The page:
Fear Factor
According to the DSM IV, commonly known as the Bible of Modern Psychiatry, the third criterion (or Criterion C) for a specific phobia is that the patient must acknowledge that the fear of the specific object or situation is irrational or unreasonable. (The DSM then notes that in children this feature may be absent, but not necessarily so.) Since the patient knows the fear is irrational reasoning is not an effective method of"curing" a patient from the phobia.

As a child I was particularly talented in developing bizarre phobias, my theory being that if I must be crazy I could at least be original. When I was seven my mother took me to see E.T. Although I enjoyed the film, I immediately developed a massive fear of aliens. You see, once I began thinking about life on other planets, I realized it was completely reasonable to assume it existed and not just one species of kind of ugly cute finger glowing midgets, but rather the whole spectrum including truly evil bad scary aliens. And these would be the aliens to find me. Even at seven, I though the universe had it in for me.

Later, for variety, I became afraid of being possessed by demons and after that spontaneous human combustion. The combustion fear was the shortest, I assume because there if very little more boring than waiting around to explode. Eventually I went back to being afraid of aliens.

Of course, these were the more irrational of fears. I was terrified of crying in public or in any getting sick in public. And I can't tell you how many situations my parents put me in where I had to maintain at the cost of great pain, anxiety, and generally unpleasantness that I was perfectly healthy when I was anything but. However my fear of being seen as disabled in public trumped the pain and even the massive amount of damage I inflicted on myself during the years.

Unlike the alien fear, my fear of not being able to maintain my image in public never struck me as irrational in any way until recently when I was having a conversation about the fear of death. I admitted that I was more afraid to cry on stage, to risk telling a depressing story, than to die.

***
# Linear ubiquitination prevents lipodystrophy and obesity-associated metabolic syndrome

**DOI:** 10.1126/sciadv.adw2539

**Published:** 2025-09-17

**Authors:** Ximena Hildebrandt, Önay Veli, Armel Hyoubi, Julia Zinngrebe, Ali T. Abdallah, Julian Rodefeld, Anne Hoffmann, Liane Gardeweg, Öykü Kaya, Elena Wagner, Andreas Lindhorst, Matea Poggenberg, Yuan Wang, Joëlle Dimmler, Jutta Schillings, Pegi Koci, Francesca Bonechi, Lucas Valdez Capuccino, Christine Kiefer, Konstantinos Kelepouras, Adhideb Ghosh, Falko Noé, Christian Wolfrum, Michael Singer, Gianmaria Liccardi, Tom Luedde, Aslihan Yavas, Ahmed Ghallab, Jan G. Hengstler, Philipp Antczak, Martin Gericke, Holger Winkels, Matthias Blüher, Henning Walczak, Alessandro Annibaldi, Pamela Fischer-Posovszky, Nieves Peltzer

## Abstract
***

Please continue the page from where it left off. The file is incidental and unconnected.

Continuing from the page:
What truly floored my parents about my fears was at the same time I was beginning to be afraid of flying saucers, I was still battling health problems. I spent two years in a series of leg casts. I was on medication constantly. I was either flying to Phileadelphia Children's to consult with Dr. Watts or I was driving to Boston Children's to be a visual aide for the students of Dr. Hall. And those were the good days. The list of specialists, treatments, tests, emergency room visits is long. Many of the tests involved a great deal of physical discomfort. The gait lab was one I remember clearly in which four inch long wires are injected in the muscles of the leg and electrical impulses are sent through the wires to test muscle response. I was told I might experience "some discomfort." They might have more accurately said, "It's going to feel like we slashed open your legs and sewed a rabid weasel under your skin. But don't worry. It's only for two hours." Yet I never developed a phobia of hospitals, doctors, or nurses. In fact, when I went into the hospital I usually displayed an unusual calm, where I would sit and simply read, while my father would be the one to pace and leave for cigarettes.

You see fear is often based on the unknown and the abstract. For most people death is an abstract concept. To someone like me, it was like being afraid of my morning coffee. I just got to a point where I was like, "Well yes I could die. I get it. Now can we go sailing and at least have a nice day before it happens?" Aliens were abstract, death was not.

And beyond that, when you grow up as sick as I did, there are days you long for it, days you pine for it, because it is the only way you can conceive of the pain stopping. You lie in a bed pumped full of darvoset and valium and all it does is keep you from screaming and you think "Just let it stop. I don't care what I have to do. Just let it stop." And even if it does stop, there is always going to be the next treatment and the next surgery and the next emergency. But eventually it does stop. And you figure, well might as well have one more dance class before the end. Might as well play the music while Titanic goes down.

But then years go by and you discover you are the unsinkable Molly Brown and you aren't afraid of death and you aren't afraid of pain, but you are afraid to cry in public, you afraid of not being funny and entertaining.

Maybe I should go back to being afraid of aliens.